PCS CONDEMNS JOBS MASSACRE – while Purnell turns bounty hunters onto the unemployed

PCS members marching in central London against attacks on jobs and pensions on October 12 last year
PCS members marching in central London against attacks on jobs and pensions on October 12 last year

The Public and Commercial Services Union (PCS) condemned yesterday’s announcement that Labour will slash a further 12,000 jobs and close an additional 200 offices in the Department of Work and Pensions (DWP).

The union also accused the government of ‘pursuing a dogmatic policy of privatisation’ of the welfare state, as Work and Pensions Secretary Purnell confirmed plans to implement the Freud report in full.

Purnell announced a new ‘commissioning strategy’ at a London conference yesterday, whereby private firms will be paid up to £50,000 a head to get 1.9m people off benefit, as recommended by private banker David Freud.

Purnell said: ‘For the (private and voluntary) providers the rewards will be high, with longer contracts and a growing market, but in return I will set high expectations with payment on results.

‘I want to see solutions which focus on every single individual, not just the ones who are motivated to work.

‘Increasingly providers will be rewarded when someone has been in work for at least six months in the first instance, rising potentially to 18 months further down the line.’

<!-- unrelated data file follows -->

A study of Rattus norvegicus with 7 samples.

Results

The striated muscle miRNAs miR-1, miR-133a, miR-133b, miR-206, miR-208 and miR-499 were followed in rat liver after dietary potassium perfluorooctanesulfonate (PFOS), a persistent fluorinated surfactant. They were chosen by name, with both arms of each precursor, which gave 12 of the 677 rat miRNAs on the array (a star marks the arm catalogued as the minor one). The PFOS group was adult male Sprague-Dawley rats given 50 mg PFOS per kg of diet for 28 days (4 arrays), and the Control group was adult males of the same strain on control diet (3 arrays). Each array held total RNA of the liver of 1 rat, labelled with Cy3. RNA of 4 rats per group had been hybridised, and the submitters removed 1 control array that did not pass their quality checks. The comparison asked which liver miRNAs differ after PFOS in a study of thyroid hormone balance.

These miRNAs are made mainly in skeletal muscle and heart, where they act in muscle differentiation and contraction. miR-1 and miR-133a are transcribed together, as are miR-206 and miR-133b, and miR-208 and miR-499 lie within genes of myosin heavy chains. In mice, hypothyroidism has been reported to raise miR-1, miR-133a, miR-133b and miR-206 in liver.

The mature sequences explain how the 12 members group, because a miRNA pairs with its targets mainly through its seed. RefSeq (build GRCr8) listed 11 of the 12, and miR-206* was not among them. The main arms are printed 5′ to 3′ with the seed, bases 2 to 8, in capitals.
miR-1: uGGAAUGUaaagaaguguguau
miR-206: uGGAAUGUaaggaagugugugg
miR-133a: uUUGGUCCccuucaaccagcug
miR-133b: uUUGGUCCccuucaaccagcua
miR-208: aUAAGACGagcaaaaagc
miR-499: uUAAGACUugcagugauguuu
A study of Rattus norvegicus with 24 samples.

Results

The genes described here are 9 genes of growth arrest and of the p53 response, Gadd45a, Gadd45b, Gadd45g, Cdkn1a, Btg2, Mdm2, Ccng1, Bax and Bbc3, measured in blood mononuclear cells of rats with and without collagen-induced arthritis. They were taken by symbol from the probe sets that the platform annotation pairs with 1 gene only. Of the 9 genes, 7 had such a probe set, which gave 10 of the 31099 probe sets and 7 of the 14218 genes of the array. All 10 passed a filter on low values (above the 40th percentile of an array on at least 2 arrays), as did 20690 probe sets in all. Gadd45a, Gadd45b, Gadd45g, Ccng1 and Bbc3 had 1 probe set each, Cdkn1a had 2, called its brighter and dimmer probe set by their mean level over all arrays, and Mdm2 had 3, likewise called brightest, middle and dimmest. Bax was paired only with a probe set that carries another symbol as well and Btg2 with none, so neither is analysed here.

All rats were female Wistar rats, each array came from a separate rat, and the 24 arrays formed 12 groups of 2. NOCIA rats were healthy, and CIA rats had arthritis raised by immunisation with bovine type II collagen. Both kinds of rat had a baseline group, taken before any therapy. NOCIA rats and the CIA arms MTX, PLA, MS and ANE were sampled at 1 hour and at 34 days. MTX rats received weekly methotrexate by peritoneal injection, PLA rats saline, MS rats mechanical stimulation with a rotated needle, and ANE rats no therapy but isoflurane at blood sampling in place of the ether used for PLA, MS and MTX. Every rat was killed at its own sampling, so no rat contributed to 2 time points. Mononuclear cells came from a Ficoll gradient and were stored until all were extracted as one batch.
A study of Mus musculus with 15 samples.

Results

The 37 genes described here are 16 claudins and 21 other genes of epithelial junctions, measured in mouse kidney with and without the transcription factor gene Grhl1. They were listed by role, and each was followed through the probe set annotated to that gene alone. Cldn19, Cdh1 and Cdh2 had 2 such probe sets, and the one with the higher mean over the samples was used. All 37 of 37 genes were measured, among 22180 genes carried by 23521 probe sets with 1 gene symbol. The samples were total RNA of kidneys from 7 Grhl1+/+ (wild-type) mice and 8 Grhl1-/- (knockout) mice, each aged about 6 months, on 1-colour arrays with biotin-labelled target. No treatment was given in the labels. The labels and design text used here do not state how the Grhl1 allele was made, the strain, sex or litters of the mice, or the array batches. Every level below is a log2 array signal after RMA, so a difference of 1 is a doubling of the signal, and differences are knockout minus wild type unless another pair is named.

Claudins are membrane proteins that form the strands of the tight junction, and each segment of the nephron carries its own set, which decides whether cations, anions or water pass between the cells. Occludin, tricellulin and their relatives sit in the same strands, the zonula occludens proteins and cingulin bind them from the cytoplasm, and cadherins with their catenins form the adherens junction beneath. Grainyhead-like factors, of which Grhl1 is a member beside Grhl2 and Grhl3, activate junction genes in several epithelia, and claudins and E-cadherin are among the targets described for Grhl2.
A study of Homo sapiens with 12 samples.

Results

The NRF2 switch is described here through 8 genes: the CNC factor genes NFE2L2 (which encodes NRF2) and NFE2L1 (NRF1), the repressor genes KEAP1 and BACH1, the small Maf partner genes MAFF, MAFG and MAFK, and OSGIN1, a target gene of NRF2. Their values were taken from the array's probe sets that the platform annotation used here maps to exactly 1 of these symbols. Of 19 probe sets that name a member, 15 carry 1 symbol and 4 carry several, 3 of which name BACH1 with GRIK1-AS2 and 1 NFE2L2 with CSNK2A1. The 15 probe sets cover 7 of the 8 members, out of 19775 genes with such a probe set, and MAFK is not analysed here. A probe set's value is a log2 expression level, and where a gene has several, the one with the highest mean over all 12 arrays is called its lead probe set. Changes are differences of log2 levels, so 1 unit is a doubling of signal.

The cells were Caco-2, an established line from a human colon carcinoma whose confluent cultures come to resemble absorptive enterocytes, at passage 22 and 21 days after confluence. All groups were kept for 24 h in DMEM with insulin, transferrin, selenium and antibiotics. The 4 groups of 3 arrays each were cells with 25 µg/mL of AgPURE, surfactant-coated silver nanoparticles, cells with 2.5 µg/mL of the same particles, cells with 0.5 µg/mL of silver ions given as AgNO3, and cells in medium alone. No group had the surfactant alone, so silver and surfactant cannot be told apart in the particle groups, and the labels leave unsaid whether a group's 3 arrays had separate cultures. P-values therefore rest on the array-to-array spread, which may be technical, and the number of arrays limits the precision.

Purnell said last week that the long-term unemployed claiming jobseekers allowance will have to undertake a minimum of four-weeks full-time work-related activity or lose their benefits from next year as part of the Flexible New Deal (FND).

Meanwhile, with 30,000 jobs already gone and over 600 offices closed in the DWP, the PCS expressed its ‘deep concern’ at the impact that further cuts will have on service delivery.

Services to some of the most disadvantaged in society have already suffered as a result of job cuts and office closures, with access to benefits and job seeking help, restricted and increasing waiting times for benefits resulting in food parcels being handed out in some parts of the UK.

The union warned that the welfare state was in danger of being run in the interests of shareholders rather than the people it was set up to help.

The PCS said it will be raising yesterday’s announcement in talks with the Cabinet Office aimed at reaching a negotiated outcome to its national dispute over jobs, services and privatisation.

PCS general secretary, Mark Serwotka, said: ‘These plans for job cuts and privatisation are purely about crude cost-cutting and will do nothing to improve service delivery to some of the most disadvantaged in society.

‘The government, by planning to privatise large chunks of the welfare system, are effectively turning their back on vulnerable members of the public as well as its own public sector workforce, who have consistently outperformed private companies in delivering the lowest unemployment in a generation.’

TUC General Secretary, Brendan Barber, said: ‘The key to securing sustained employment is personalised, flexible welfare support.

‘But there is no evidence to show that the private sector is better at delivering this than the public sector. The government’s wholesale farming out of welfare contracts to private companies looks more like a thinly disguised cost-cutting exercise.’